Built in Langesund, Norway in 1940 - maiden voyage Jan. 22.
Captain: Even Larsen.
Other crew members are named in the text.
Related item on this website:
Her voyages from Apr. 9-1940 to June 22-1940 are listed on this original image from the National Archives of Norway.
(due to its length this summary has been drastically reduced).
Favør was chartered to France for service North Africa-France, carrying grain and vegetables from Casablanca. As can be seen when going to the archive document above, she was in Merseilles when war broke out in Norway on Apr. 9-1940, leaving that day for Casablanca, where she arrived, via Gibraltar, on Apr. 14.
She had a crew of 19, captain was Even Larsen. Ingvald Wahl says that on the day France capitulated she departed Marseille with a French escort together with K. G. Meldahl, Tønsbergfjord and several French ships heading for Gibraltar. Favør still had a cargo of grain on board and was ordered to Oran, while the other 2 Norwegian ships, which were in ballast, continued to Gibraltar, thereby avoiding Favør's subsequent fate. (It appears Bosphorus was also in this convoy, possibly Convoy 7 P?* [external link - Fernhill is also included], please read my text for Bosphorus).
"Nortraships flåte" states Favør was interned in Oran in June-1940, then requisitioned on Sept. 6 the following year and renamed Ste Rosaline.
Guri Hjeltnes' "Sjømann - Lang Vakt", agrees that Favør had a crew of 19 when she was interned, 17 were Norwegian, 7 escaped, while 9 went home to Norway.
On June 21-1941, Favør's 3rd Engineer Olaf Langseid and the Irish "Paddy" succeeded in escaping in a lifeboat from D/S Patria. The Polish deckboy Bernhard had paid off(?) in Aug. the previous year, so now Favør's complement had been reduced to 16. On July 27-1941 another group escaped in a lifeboat; they were: Cook Kr. O. Frøvold, Able Seaman Peder Pedersen, Able Seaman Oscar Jacobsen, Ordinary Seaman Harry B. Halvorsen (this external page has the names of his later ships), and Stoker Thorvald J. Evensen from Favør, as well as 2nd Mate Ole M. Blikshavn, 3rd Engineer Georg Fosen, Electrician Andersen, and Ole Mikkelsen from M/T John Knudsen. Before they left the captain had given them an iron pipe filled with papers which they were to hand over to the British authorities. This pipe was to be thrown overboard in the event they were caught, it had holes drilled into it so that it would sink. Since the attack of a British force at Kabir near Oran in July-1940 when the French had lost several ships and about 2000 men (ref. external link below), Favør's captain had shown a great interest in the way the French had altered certain defence related installations, so it's likely this pipe contained information on these.
They reached Gibraltar on July 31 at 02:00 and went alongside a patrol vessel, whose crew took them on board and fed them, before they went back in their lifeboat and continued into the harbour while a whole "orchestra" of ships' bells welcomed them to freedom. Together with 22 other Scandinavian seamen, who had also escaped from North Africa, they joined a French ship named Isac (captured by the British) for Swansea and were now free to reenter allied service. This may have taken place at the beginning of Sept.-1941? Isac is listed in Convoy HG 72 from Gibraltar at that time (external link - report only available on my own site).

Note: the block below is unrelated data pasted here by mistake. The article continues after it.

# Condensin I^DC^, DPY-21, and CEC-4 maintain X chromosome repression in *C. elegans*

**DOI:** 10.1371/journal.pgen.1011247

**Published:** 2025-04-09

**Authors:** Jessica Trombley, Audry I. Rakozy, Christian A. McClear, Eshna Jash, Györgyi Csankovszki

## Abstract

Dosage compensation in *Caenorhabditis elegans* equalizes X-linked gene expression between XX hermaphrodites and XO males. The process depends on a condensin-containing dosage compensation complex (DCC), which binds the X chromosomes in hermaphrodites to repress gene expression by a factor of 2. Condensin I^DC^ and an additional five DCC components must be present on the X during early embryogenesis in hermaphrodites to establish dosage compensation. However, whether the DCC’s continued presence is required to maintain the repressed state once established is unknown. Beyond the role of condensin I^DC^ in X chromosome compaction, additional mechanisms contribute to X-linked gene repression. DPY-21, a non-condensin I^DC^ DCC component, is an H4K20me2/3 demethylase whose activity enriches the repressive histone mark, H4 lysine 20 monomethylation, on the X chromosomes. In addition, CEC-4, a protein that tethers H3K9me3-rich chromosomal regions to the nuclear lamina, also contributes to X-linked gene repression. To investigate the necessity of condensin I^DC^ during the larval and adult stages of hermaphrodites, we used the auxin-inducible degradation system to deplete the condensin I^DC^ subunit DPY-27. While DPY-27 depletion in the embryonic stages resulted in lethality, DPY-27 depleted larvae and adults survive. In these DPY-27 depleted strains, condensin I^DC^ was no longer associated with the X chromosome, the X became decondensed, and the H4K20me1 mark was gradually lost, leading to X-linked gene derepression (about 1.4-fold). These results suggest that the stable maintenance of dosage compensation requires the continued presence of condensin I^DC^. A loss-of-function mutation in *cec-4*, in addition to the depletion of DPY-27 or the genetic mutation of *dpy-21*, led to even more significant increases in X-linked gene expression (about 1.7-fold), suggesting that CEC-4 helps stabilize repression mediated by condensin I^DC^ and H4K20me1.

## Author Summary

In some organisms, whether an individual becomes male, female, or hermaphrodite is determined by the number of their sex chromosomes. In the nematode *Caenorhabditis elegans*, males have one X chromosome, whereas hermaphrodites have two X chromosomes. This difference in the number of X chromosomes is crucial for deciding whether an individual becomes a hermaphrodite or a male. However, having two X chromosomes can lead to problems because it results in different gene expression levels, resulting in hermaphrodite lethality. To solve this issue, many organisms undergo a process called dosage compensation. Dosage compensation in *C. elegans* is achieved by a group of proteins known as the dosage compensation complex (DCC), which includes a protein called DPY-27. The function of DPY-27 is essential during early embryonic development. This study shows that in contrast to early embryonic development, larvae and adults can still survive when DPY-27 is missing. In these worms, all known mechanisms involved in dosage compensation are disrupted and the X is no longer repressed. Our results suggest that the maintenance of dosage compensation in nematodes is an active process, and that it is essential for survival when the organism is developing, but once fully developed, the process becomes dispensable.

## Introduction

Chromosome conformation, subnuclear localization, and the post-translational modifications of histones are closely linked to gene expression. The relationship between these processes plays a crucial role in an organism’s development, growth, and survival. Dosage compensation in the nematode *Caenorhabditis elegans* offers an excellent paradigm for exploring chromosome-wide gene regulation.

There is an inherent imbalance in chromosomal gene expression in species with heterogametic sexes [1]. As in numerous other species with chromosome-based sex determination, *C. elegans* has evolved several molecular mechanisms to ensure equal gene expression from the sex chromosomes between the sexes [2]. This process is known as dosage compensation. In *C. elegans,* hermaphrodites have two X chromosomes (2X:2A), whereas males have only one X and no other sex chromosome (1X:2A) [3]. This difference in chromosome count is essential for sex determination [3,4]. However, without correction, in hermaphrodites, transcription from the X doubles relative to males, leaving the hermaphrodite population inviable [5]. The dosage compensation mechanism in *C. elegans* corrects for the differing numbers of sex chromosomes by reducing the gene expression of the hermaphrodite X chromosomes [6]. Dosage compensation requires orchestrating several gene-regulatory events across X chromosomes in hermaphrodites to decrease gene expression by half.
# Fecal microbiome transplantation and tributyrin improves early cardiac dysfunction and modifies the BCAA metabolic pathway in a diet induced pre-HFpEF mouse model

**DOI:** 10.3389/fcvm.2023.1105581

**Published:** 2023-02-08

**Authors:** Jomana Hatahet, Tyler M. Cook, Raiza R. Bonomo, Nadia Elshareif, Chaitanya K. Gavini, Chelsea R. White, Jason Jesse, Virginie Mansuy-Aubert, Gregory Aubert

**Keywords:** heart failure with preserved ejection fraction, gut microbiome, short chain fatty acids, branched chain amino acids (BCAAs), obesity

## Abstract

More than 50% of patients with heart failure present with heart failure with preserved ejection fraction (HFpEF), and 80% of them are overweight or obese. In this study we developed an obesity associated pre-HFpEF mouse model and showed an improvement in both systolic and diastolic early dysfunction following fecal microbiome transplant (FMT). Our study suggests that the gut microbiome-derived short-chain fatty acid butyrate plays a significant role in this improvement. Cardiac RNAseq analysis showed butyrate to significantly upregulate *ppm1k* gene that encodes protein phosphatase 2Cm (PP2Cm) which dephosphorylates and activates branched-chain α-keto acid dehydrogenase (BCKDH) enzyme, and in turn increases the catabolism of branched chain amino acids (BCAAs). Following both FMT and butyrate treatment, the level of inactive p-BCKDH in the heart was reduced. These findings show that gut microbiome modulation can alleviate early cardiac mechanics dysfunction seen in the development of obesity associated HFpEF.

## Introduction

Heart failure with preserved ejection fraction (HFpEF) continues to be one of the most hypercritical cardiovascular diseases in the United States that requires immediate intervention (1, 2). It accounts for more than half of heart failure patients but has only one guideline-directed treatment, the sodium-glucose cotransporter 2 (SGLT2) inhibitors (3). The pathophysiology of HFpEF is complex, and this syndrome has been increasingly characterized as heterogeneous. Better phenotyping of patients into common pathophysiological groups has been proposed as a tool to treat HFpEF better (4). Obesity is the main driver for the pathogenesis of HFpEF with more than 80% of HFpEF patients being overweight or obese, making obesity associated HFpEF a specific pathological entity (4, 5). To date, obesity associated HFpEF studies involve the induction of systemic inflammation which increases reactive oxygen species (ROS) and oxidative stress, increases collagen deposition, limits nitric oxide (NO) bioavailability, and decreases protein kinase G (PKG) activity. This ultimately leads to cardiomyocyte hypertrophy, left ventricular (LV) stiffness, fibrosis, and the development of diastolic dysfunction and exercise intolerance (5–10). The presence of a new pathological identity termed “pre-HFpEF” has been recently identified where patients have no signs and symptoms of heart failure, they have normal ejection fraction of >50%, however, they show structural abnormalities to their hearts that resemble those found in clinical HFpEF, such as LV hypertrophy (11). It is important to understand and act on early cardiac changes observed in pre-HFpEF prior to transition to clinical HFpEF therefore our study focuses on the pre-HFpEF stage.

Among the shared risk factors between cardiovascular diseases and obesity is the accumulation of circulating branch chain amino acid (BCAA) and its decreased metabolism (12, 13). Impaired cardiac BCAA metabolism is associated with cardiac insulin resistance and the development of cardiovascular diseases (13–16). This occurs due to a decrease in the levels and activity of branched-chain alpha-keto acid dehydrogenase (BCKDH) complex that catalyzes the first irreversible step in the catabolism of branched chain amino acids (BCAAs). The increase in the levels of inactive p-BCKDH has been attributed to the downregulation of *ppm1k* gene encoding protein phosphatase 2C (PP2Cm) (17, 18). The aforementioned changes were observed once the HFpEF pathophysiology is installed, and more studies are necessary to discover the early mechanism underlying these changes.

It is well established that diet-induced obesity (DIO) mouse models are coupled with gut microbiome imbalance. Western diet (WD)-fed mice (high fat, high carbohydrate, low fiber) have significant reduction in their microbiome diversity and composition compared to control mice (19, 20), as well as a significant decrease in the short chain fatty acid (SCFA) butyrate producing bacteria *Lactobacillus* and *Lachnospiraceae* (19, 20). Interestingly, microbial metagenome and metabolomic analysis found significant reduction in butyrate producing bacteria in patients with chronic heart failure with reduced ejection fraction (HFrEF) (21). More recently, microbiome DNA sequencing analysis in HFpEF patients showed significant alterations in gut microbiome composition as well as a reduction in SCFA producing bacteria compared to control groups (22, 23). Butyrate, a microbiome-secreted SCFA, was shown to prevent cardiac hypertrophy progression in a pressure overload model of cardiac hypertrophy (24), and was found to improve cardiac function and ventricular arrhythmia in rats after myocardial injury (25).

T. J. Evensen and O. Jacobsen rejoined Nortraship's service, K. O. Frøvold went into intelligence service while H. B. Halvorsen and P. Pedersen offered their services to the navy. They were sent to Dumbarton, Scotland to be trained as gunners for Nortraship. Jacobsen died in an explosion on board M/T Herbrand in 1945 and Able Seaman/Gunner Pedersen died when M/S Leif was torpedoed and sunk on Febr. 28-1942.
Related external links:
When Favør was requisitioned on Sept. 6-1941 Captain Larsen, 1st Engineer Oskar Andersen (who ran a veritable "chicken/turkey/rabbit farm" on board) and Stoker Karl G. Olsen were interned, while 8 of the crew, who had chosen to go home were transferred to Meonia of Copenhagen which was interned at Mers el Kebir near Oran. The 3 who had chosen to remain were allowed to rent hotel rooms, along with 8 from John Knudsen. On June 16-1941 another group of Scandinavian seamen went home and this time 1st Engineer Andersen, who wasn't well, joined them. (He and the captain worked out their own special code when corresponding with each other in order to fool those who checked their letters). After the allied invasion on Nov. 8-1942 Captain Larsen and Stoker Olsen were taken to Gibraltar on D/S Brisk which had arrived Oran as a supply ship for Operation Torch. From Gibraltar they got passage back to England on a troop transport and again joined Nortraship's service. (Several other previously interned and imprisoned Norwegian seamen were also given passage on Brisk).
As soon as I get a chance I'll look all these names up in Kristian Ottosen's "Nordmenn i fangeskap" (Norwegians in imprisonment) and post more details here.
In another issue of "Krigsseileren" there's also an article about the Danish Meonia mentioned above. This ship seems to have been used as an accommodation vessel for interned seamen. Additionally, the article gives some information on the plight of Danish sailors.
"Skip og Menn", Birger Dannevig says Favør was sunk by a British submarine in the Mediterranean on Jan. 18-1943 while under the German flag (from Oct. 15-1942). However, Jürgen Rohwer says in his book "Allied Submarine Attacks of World War Two" that she was sunk at 00:45 (agreeing with the date) by the destroyer Loyal, 15 miles south of Carbonara. Hocking simply says "sunk by British warships southeast of Sardinia".
Back to Favør on the "Ships starting with F" page.
The text on this page was compiled with the help of: Article in the Norwegian magazine "Krigsseileren", "Nortraships flåte", J. R. Hegland and misc. other as named within above text. - ref. My sources.